I really didn’t want to hear this from someone I’d just met: “I spent $500 on an impulse buy at Children’s Fairyland’s live auction years ago, and I don’t know if I ever received what I won.”
Still, I needed all the details so I could make things right. What followed was a highly unlikely story that we’ll both be telling for years.
The item that attorney Dawn Newton had successfully bid on was described in our 2006 Gala program this way:
“YOUR LIFE AS A DOG: Bid on a shot at immortality — the right to name a pet dog belonging to a character in the next novel of Pulitzer Prize winner and Berkeley resident Michael Chabon. Chabon’s previous novels include ‘Kavalier & Clay,’ ‘The Final Solution: A Mystery of Detection,’ and ‘Wonder Boys.’ Donated by Michael Chabon.”
“It was the coolest live auction item I’ve ever seen,” Dawn recalled when we spoke. She’d read “Kavalier & Clay” and thought it was “phenomenal”; she’d had had a couple of drinks; and her husband hadn’t accompanied her to the event to offer any cautionary words of advice. Which is how she found herself the highest bidder, and the winner.
It was only afterward that it hit her: “What have I done here?” Calling her husband as she exited the event, she realized how silly it must have sounded. “Guess what I just won! The right to name an imaginary dog!” she remembers. Her husband’s mellow reply: “Huh. Have fun with that one.”
But then came the tough part — choosing a name that was as cool as the prize. Dawn briefly considered honoring a deceased family member, but decided against it. “Such an amazing author deserved to have a great name,” she says.
In the end, she chose the name Fifty-Eight. It refers to a now-discontinued bus line in Oakland that for six years carried Dawn to and from her downtown job each day. She loved that it had been an important transit line for people living at the base of the Oakland hills (“not the ritzy part”); that it was utilitarian, with no need for transfers; and its clientele was devoted and diverse. “I thought—Fifty-Eight, that’s a quirky, intense name that hopefully the author won’t hate.”
She conveyed the name to Chabon’s assistant, whose response was a brief “OK, thank you very much.” And then Dawn waited.
Two years later, she got an email from Chabon himself. “You thought that I forgot about the dog, didn’t you?” he wrote. He went on to ask if it would be OK if the name was given to a parrot instead. “Sure, I’ll take the parrot,” Dawn said. And that was the last she heard of her prize. She assumed that if Fifty-Eight had ever made it into print, it would be a minor character, and that she might never hear about it.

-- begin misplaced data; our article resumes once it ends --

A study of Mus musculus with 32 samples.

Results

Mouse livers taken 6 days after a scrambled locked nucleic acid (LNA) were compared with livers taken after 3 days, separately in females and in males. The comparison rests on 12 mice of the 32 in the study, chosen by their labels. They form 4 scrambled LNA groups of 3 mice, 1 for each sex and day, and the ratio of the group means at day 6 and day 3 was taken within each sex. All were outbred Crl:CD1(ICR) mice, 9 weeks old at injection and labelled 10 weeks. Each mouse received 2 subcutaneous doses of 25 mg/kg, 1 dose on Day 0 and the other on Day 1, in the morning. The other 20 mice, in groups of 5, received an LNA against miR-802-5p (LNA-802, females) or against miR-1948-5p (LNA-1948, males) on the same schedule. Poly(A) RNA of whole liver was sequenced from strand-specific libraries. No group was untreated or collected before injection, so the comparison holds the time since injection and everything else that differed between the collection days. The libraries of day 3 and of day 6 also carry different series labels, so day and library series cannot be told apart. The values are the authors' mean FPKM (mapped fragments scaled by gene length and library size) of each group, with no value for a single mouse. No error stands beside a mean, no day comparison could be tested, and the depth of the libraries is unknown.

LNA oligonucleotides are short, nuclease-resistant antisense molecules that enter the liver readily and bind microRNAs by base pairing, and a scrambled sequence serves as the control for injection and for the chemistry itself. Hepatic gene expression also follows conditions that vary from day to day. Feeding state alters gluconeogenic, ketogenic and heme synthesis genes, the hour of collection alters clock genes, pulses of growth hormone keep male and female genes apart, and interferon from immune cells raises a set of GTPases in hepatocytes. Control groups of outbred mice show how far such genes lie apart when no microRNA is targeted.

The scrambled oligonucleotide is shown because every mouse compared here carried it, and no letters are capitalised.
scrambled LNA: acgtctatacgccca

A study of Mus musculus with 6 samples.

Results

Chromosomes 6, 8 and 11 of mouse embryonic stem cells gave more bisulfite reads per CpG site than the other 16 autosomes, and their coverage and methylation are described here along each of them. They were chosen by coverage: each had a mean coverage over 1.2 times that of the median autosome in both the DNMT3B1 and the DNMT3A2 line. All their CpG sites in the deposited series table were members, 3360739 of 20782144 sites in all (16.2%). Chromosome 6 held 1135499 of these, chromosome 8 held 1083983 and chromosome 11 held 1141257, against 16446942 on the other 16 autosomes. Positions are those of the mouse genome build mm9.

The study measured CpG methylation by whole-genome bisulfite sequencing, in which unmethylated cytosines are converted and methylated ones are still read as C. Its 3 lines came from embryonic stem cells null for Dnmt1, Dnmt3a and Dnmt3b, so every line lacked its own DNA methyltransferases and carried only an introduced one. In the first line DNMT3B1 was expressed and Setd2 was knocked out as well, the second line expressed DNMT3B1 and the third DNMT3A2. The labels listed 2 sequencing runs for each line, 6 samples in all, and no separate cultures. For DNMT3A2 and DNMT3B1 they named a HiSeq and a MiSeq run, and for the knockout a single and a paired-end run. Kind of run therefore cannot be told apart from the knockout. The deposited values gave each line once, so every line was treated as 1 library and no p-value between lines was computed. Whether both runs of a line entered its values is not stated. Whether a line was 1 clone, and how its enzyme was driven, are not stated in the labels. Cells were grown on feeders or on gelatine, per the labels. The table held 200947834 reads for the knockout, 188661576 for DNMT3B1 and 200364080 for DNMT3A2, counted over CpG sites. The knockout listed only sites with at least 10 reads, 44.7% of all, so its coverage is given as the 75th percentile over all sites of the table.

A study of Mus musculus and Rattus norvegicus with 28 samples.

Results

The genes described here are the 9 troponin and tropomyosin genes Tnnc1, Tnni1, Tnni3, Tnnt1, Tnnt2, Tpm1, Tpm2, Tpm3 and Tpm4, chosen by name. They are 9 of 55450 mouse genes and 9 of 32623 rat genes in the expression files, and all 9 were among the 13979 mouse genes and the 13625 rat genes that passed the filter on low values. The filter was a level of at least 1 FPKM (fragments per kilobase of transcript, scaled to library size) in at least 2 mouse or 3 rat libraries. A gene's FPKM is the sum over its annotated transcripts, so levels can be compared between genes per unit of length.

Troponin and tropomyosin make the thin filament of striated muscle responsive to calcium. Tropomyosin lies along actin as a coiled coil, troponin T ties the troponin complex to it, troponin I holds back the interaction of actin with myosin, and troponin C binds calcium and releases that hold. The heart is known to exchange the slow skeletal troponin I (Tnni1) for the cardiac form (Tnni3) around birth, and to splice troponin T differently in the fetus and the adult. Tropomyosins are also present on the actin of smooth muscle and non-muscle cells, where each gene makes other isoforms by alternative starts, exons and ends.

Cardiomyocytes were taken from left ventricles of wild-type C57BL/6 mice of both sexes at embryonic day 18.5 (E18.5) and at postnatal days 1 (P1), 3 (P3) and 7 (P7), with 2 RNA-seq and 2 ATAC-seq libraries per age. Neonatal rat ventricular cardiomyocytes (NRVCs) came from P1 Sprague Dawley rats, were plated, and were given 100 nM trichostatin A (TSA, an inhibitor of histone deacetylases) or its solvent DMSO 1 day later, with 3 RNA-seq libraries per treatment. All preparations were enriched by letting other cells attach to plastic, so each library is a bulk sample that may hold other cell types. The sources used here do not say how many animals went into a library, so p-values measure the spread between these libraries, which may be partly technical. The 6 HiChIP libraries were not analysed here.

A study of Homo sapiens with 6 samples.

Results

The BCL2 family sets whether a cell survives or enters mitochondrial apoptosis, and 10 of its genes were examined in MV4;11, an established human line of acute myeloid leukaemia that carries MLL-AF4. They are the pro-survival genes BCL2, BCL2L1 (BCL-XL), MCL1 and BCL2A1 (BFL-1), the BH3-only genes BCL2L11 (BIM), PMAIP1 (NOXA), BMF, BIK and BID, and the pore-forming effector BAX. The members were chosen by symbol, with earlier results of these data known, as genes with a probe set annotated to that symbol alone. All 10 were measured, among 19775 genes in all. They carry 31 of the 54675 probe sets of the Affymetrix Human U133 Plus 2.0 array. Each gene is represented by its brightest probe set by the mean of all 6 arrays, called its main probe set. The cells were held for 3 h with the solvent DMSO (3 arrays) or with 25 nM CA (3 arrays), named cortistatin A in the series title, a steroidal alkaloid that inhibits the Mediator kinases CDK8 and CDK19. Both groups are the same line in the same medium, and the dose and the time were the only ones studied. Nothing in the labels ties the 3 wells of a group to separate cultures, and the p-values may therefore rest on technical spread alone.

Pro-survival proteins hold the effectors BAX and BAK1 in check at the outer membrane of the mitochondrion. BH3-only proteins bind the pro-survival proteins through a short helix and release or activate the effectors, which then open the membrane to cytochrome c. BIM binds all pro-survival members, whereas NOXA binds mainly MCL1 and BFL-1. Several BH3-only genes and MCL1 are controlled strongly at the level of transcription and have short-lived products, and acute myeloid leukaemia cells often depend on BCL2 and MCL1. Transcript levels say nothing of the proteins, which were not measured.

When Dawn mentioned a parrot, I had a flash of recognition, but I did a Google search to confirm my hunch. I had read “Telegraph Avenue,” Chabon’s big, jazzy celebration of Oakland published in 2012, and in it, an African grey parrot plays an epic role, even starring in a 12-page tour-de-force chapter consisting of one insanely fabulous sentence that book reviewers loved to discuss. I Googled “parrot Telegraph Avenue,” and up came the bird’s name: Fifty-Eight.
I immediately called Dawn, whose busy law career “doesn’t allow me to read as heavily as I would like,” and informed her that Michael Chabon — and Children’s Fairyland — had, in fact, come through for her. In the glorious book about the city we both love, Fifty-Eight is described as “some kind of prodigy, a Mozart of the birds.”
But it is in the 12-page third chapter of the book that Fifty-Eight literally and artistically takes flight. An open window provides the bird with the chance for independence, and he takes it. The parrot flies from character to character, catching glimpses of their lives, and ultimately flies off to freedom over the flatlands of Oakland and Berkeley.
As you can imagine, Dawn could not be happier. For years she had carried around the story about her craziest impulse buy, saying that it usually tops everyone else’s. But now she’s part of literary history, and the story is one she looks forward to sharing. “This one’s in my pocket, and I’ll bring it out at any occasion,” she told me, laughing.
Dawn is planning on attending Fairyland’s gala fundraiser on June 4 — her employer, Donahue Fitzgerald Attorneys, is a sponsor. Nine years ago, when she made her fateful bid, the gala was held at a restaurant. Now, although she sees Fairyland every day from her office building across Lake Merritt, she’ll be visiting our park for the very first time. No word on whether she’s planning to bid at our live auction.
While I was Google-searching “Telegraph Avenue,” I came across a May 3, 2013, post in an Amazon discussion forum. “Can someone better versed in music than me please explain why the bird was named Fifty-Eight?” someone had written. The writer had assumed a musical connection because so much of the book is about jazz and records.
Her query went unanswered. Until now.
C.J. Hirschfield has
served for 13 years as Executive Director of Children’s Fairyland, where she is
charged with the overall operation the nation’s first storybook theme park.
Prior to that, she served as an executive in the cable television
industry. C.J. is former president and current board member of the
California Attractions and Parks Association, and also serves on the boards of
Visit Oakland and the Lake Merritt/Uptown Business Improvement District. C.J.
writes a weekly column for the Piedmont Post and OaklandLocal, where she loves
to showcase the beauty of her city and its people. She holds a degree in Film
and Broadcasting from Stanford University.